Warren Hill Faces Execution In Georgia Again

Georgia is set to carry out an unconstitutional execution while the prisoner’s case is still pending at the US Supreme Court. The high court, as a guardian of the rule of law in this country, must not let this happen. They must stay the execution.

warren hill

Warren Hill

In 2002, the US Supreme Court banned execution of prisoners with “mental retardation” as unconstitutionally cruel and unusual punishment. Warren Hill, with an IQ of 70, was ruled by a judge to be “mentally retarded” by a preponderance of the evidence. But in Georgia, as in no other state, prisoners must prove their “mental retardation” beyond a reasonable doubt. Defining and measuring “mental retardation” is not an exact science – even IQ scores can vary based on the type of test given – so proving it beyond a reasonable doubt is virtually impossible.

By using this unreasonable “reasonable doubt” standard, Georgia has found a way to evade the spirit of the Supreme Court’s important 2002 decision, and to continue killing intellectually disabled prisoners.

Mental health and disability groups like the American Association on Intellectual and Developmental Disabilities (AAIDD) and the Georgia Council on Developmental Disabilities oppose Mr. Hill’s execution.  And, as the Georgia Council’s Executive Director Eric Jacobson points out this week in the Huffington Post, several jurors and the victim’s family also object to the state’s continued efforts to put Warren Hill to death.

Last summer, Richard Handspike, speaking for the victim’s family, wrote in a letter to the Georgia Board of Pardons and Paroles: “I and my family feel strongly that persons with any kind of significant mental disabilities should not be put to death.”

The Georgia Board, however, rejected calls for clemency.

So the Supreme Court needs to step in. Prohibiting execution of the “mentally retarded” should mean just that. And with Warren Hill’s case the Supreme Court can make that clear.


  1. I suppose I don't understand the difference between killing someone with a 60 IQ or a 150 IQ. Perhaps this execution is technically unconstitutional, but is it any worse than the execution of any other criminal? Not in my mind. Both are wrong.

  2. This is why death death penalties are raciest. And also why we need to institutionalized those people who are a threat to society in State Mental Hospitals, instead of them being homeless and wondering in the streets in dark desperation.

  3. If that was happening in Australia he would not be executed have a heart whoever is doing this I’m sure if it was you you would be thinking differently.

  4. Let's tell the whole story (which of course you'd prefer your readers and followers were unaware). 1. Hill GRADUATED High School. 2. Hill was accepted, enlisted, and served in the U.S. Navy — even being promoted at least once. 3. In 1985 he brutaly murdered his 18 year old girlfriend shooting her more than 20 times. 4. He was sentenced to life in prison. 5. In 1990 while serving his life sentence Hill was intelligent enough to obtain a 2 by 4 with nails sticking out and use it to beat to death another inmate. 6. Hill is convicted and sentenced to death for his SECOND murder. 7. His attorneys hire a clinical psychologist to the defense team – he determines and testifies Hill has a 77 IQ. (threshold for retardation is 69). 8. A competent defense team file appeal after appeal but the conviction and sentence stand. 9. After other appeals fail – his defense team plays the "mental retardation" card. His IQ is suddenly dropped to 70. I for one hope 5 Supreme Court Justices never buy it. Your framing these issues with selective and cherry picked info cracks me up.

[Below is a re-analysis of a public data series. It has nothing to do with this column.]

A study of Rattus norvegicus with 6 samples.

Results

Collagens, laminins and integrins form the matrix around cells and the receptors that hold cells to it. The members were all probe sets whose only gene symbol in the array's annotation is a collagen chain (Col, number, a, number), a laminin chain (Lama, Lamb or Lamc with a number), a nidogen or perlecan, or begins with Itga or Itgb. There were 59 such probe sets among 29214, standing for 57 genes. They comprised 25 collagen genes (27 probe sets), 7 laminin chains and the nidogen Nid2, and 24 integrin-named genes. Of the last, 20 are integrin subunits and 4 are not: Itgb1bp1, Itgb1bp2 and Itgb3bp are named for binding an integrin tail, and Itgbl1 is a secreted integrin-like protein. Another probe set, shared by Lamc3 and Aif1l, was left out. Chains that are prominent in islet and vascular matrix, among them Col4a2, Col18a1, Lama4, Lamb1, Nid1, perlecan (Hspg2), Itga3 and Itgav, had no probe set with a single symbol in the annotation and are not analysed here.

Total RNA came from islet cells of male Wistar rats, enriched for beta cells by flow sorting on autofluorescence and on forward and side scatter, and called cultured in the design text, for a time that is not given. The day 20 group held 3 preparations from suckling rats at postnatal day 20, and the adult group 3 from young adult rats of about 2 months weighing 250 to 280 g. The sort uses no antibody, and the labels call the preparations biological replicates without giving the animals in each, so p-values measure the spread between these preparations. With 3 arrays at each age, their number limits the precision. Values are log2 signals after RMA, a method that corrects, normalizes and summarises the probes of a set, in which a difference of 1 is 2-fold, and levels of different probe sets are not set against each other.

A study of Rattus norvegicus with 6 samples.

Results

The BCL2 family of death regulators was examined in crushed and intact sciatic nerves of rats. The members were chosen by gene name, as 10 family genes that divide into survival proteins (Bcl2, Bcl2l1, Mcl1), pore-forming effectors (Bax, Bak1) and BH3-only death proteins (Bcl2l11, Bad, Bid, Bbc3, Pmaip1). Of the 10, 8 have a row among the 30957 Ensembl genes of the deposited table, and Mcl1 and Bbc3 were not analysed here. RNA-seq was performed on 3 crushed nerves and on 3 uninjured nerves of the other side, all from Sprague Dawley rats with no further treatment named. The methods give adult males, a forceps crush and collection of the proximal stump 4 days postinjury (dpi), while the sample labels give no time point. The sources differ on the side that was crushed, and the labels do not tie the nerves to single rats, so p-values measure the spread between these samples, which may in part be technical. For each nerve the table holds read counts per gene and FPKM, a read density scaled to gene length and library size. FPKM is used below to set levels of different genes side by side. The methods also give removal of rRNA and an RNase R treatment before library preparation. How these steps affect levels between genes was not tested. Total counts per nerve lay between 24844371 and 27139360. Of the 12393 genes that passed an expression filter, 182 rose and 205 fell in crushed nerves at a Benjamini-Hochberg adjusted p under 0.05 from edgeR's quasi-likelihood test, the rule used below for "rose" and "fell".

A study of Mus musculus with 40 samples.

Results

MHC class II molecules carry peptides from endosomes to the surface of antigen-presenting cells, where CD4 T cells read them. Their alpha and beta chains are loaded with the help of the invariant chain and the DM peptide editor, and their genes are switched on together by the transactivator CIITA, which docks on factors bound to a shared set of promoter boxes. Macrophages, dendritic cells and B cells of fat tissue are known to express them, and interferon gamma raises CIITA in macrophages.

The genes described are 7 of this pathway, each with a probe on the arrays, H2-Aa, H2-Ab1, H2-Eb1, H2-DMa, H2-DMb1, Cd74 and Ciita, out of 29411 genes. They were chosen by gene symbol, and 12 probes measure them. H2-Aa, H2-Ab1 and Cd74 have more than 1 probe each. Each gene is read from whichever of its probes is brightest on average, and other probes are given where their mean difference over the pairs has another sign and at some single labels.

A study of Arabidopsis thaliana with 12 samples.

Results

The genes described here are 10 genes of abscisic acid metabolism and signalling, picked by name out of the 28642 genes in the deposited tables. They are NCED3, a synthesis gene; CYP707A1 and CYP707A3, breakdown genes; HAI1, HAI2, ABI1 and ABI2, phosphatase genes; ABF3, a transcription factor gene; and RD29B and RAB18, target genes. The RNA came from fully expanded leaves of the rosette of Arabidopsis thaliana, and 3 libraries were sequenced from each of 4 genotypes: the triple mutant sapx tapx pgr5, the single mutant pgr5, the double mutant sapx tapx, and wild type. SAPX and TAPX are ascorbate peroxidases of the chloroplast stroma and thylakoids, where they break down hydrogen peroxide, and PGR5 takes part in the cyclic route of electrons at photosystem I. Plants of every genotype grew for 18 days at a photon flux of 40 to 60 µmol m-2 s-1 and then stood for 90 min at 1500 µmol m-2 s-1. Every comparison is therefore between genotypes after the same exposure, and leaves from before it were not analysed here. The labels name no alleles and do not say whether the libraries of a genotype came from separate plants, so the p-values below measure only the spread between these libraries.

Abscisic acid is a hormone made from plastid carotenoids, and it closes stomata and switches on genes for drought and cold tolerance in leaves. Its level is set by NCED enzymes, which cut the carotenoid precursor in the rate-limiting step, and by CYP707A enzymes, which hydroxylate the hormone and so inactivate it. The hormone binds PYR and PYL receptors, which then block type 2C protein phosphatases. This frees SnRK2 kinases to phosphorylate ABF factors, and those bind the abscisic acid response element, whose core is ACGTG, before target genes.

• Serving the Navy and graduating High School doesn't not make any difference, my uncle God rest his soul, was mentally disabled, and served Vietnam in the Army, he graduated H.S. as well, have ever heard of special education. Anyway he also had a stable job until his retirement. However, there were some things he could not comprehend or understand, but with the assistance of other, it can be done, I am sure Warren Hill had such assistance, but unfortunately he like many others like him will be taking advantage of, and do not know how to handle such situations.

  5. I served in the Navy and as a recruiter. If what I read is correct and he was a Recruiter he would have had to be a E-5 and pass through a pretty intense training school before he would be assigned. You have to memorize a lot of stuff just to get promoted let alone be a recruiter. Interesting how no one give a crap about the people he’s killed. No voice for them and now he’s mentally retarded, sorry but pull his ASVAB test and his Military record and see what those reflect.

  6. How can they do this?They are breaking the law.He is a not a person to be killed or even locked up for life in my opinion.